A bombardment of tropical cyclones and the earthquake that struck China in May made 2008 one of the most devastating in terms of human and financial losses, with more than 220,000 dead and $200 billion in damages, according to one of the world's top reinsurers.
Although this year saw fewer natural disasters than 2007, the acute devastation of individual events pushed 2008 to No. 3 in the rankings of most expensive disaster years on record, according to a report by Munich Re Group.
This year sits behind only 2005 ($232 billion), with its record number of Atlantic hurricanes, including the devastating Hurricane Katrina, and 1995, the year of the earthquake in Kobe, Japan. (Munich Re's figures are adjusted for inflation.)
The year with the most deaths due to natural disasters between 1991 and 2005 was 2004, the year that the tsunami struck Southeast Asia, according to United Nations statistics. The tsunami killed more than 225,000 people.
The costliest disaster this year in terms of financial impacts was the 8.5 magnitude Sichuan earthquake and its aftershocks, which Munich Re said caused an estimated $85 billion in damages. The quake left some 5 million homeless, injured hundreds of thousands, and killed 70,000 people, with about 18,000 still missing.
The most devastating disaster in terms of loss of life was Cyclone Nargis, which slammed into Myanmar's low-lying Irrawaddy Delta in May. The cyclone killed an estimated 135,000 people, with 85,000 deaths confirmed and 54,000 still missing, Munich Re reported.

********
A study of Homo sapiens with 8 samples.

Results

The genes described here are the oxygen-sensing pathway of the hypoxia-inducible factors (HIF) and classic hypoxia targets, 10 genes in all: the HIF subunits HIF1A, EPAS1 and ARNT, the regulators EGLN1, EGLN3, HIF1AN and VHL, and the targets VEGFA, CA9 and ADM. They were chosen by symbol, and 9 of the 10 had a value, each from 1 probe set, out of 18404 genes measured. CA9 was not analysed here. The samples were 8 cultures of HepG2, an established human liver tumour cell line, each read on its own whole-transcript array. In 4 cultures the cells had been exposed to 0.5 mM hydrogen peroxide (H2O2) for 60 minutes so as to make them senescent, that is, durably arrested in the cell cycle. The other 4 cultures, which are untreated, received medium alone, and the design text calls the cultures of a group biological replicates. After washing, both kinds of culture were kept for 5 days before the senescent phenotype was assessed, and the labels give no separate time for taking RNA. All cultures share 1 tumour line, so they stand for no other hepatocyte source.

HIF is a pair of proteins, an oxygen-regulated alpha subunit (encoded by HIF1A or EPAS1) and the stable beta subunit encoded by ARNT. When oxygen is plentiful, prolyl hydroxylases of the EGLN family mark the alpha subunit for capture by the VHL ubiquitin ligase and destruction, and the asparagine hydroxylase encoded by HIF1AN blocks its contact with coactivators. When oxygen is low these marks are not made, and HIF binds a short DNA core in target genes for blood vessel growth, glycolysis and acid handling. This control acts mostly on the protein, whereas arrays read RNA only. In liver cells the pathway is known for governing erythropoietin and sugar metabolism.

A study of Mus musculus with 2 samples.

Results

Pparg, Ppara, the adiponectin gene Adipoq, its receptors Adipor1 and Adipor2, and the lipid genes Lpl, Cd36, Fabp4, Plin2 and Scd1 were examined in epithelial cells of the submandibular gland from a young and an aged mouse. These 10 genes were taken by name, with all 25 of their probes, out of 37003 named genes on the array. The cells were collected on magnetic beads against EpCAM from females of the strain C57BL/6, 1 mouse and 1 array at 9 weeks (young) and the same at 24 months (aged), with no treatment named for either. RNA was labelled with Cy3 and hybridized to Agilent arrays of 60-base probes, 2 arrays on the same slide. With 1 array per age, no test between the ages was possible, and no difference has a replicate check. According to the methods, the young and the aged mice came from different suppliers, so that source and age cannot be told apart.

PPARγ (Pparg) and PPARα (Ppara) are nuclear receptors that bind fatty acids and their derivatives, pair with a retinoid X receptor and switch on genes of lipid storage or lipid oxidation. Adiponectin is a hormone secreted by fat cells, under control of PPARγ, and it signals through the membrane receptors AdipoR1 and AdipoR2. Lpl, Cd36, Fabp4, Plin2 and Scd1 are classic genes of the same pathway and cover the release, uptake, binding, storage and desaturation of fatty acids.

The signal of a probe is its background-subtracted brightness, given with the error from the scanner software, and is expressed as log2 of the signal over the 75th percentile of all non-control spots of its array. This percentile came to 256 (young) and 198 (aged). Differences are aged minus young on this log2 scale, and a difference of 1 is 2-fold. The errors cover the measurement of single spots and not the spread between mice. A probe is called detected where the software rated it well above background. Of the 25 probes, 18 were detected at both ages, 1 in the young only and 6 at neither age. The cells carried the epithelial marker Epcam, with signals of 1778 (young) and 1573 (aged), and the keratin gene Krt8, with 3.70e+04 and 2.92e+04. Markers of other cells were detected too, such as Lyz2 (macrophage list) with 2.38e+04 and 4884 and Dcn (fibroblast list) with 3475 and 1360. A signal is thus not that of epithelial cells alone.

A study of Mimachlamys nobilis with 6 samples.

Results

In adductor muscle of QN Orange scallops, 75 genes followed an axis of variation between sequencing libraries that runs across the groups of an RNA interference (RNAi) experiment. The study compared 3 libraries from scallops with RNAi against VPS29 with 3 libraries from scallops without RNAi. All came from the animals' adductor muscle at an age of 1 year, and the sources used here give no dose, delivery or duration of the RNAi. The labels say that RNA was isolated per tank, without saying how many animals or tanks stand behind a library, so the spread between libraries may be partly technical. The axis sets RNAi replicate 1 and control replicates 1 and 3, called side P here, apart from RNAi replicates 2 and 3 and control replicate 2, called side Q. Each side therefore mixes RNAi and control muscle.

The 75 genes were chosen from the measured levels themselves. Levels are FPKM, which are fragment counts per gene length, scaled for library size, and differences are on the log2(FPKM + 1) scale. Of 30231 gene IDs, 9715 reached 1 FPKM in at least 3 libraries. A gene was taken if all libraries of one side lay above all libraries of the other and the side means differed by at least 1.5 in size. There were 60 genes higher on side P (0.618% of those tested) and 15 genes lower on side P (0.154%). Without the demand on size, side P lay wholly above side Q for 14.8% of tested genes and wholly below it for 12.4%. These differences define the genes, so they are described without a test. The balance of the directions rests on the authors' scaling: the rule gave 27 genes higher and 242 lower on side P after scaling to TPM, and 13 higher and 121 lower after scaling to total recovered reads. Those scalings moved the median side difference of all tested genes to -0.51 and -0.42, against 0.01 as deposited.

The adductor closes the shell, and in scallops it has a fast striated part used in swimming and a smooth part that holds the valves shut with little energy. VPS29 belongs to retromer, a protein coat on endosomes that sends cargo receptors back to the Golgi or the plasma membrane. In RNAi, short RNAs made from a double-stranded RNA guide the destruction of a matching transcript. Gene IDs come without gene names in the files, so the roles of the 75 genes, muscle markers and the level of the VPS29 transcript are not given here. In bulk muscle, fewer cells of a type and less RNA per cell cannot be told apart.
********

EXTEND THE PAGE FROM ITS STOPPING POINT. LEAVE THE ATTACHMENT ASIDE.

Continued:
In the United States, the most damaging event was Hurricane Ike, which struck Galveston, Texas, in September and caused some $30 billion in damages along the Gulf Coast. Hurricane Gustav caused $10 billion in damages in the Caribbean and Gulf of Mexico.
Tornado season in the United States was also severe, with about 1,700 tornadoes causing several billion dollars in damages.
Climate change is likely to exacerbate the losses from weather-related occurrences, such as tropical cyclones, said a member of Munich Re's Board of Management, as these events become more frequent and more and more people move to the coasts.
"2008 has again shown how important it is for us to analyze risks like climate change in all their facets and to manage the business accordingly," said Torsten Jeworrek.